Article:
In the Digital Age, web traffic is everything. Most people nowadays much prefer the convenience of shopping from home, or learning information about companies on their websites rather than calling or leaving their houses to visit a brick and mortar establishment. These days, if you don’t have a website, you’re already obsolete. But with so many businesses online, how can you get your new business’s websiteto stand out from all the rest?
An internal site search is an optimal way to help your customers out and insure their continued return and use of your site. Many websites have external searches, which takes viewers to a third-party search engine, such as Google, and advertises your competition higher in rank on the engine. This can frustrate someone specifically looking to search your site for given information. Basically, if they wanted a Google search, they would have gone to Google in the first place. Internal search engines keep the customer on your site and help them find the specific information they are looking for without advertising any other businesses.
Keep Your UX “UF”
Having a user-friendly experience is the biggest benefit to building your website. Keeping your site fast by limiting embedded videos and large pictures will make sure you don’t lose people as soon as they enter. Text shouldn’t be anunconventional color, as this can be off-putting and clash with the background and be difficult to read.Having a good mobile version of your site will also speak volumes to your users. Finally, make sure there are no annoying pop-ups, whether third-party ads, or asking for subscriptions. These can be jarring and will frustrate users who have to sift through mountains of these on a daily basis.
Far too many times users will visit small business websites in search of information on products or services, only to be met with more questions than they started with. If you’re selling something, give as much information on your products as possible. Specifications on certain products can be just as important to some more picky consumers, and sometimes more important, to include as pricing and those paragraphs of copy. If you’re offering a service, try to think of every question your customer or client could ask, or every issue that may occur, and address these somewhere on your site. You can add a FAQ section for easy reference. The more information you gather and display on your website, the more types of customers you will receive, as users will not flock elsewhere to get their information.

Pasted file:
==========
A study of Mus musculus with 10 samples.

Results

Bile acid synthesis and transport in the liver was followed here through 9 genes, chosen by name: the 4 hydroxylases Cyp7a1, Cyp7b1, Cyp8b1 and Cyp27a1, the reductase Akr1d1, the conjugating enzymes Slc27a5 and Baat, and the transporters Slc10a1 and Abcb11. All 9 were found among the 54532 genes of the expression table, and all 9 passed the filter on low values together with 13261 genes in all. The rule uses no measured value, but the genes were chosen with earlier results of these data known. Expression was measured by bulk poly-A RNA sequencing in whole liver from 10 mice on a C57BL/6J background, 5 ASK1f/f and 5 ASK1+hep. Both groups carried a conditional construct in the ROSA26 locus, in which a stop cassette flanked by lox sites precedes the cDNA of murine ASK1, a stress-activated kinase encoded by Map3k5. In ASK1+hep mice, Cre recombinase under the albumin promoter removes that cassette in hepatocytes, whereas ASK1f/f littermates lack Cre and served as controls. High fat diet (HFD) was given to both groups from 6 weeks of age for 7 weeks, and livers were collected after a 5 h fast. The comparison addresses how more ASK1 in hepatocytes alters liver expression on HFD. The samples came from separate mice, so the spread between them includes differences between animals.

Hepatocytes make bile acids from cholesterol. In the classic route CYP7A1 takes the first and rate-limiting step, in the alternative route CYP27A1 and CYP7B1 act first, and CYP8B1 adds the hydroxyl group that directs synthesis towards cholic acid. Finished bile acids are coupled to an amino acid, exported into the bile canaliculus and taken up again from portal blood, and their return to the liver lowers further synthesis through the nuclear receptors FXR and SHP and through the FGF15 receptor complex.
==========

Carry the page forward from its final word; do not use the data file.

Press the Big Red Button!
Some companies try to be sleek and modern with a minimalistic webpage, but this is just unhelpful and frustrating. Having large buttons that are easy to find and read will make sure your site is easier to navigate than these other ones. These large buttons are called CTAs, or ‘Call to Action’. You’ll want your users to quickly and easily find all information at the click of a single button. Good CTAs to use are ‘Sign Up’ or ‘Get Started’, and are always helpful. For example, shipping companies usually have a ‘Track Package’ CTA. Keeping these buttons a drastically different color than the rest of the page will immediately draw the eye and give you the user that much more chance of clicking on them. Any button that can instantly transport you to the most common service of your site, or gain you a new customer or client is obviously beneficial.
Keep Your Website Up to Date
Consistent posting of events, sales, or any goings-on will tell your users you are active, engaged, and will keep you ranked highly in search engines. If a user comes onto your website and sees a sale that ended three months ago, it’s not going to look professional, especially if they try to order a product or service at sale price. Not only do you have to post regularly, you must also keep your software up to date to prevent hacking and keep your site safe for your business and your user base.
Keep it Conversational
Having your copy written in a friendly and common language will make your users feel smart and engaged. Large, obscure words or industry jargon run the risk of making your users feel uneducated. Lazy users will lose interest, and more inquisitive types might research words and terms they don’t know and get distracted looking at other sites, completely forgetting why they went to yours in the first place. Have your copywriters speak in a relatively informal tone. Phrases like, ‘you’, ‘we’, and ‘us’ are perfectly acceptable as it draws the attention of the user and formulates a feeling of unity and solidarity with the company. It’s no longer just them searching by themselves, you’re there to help!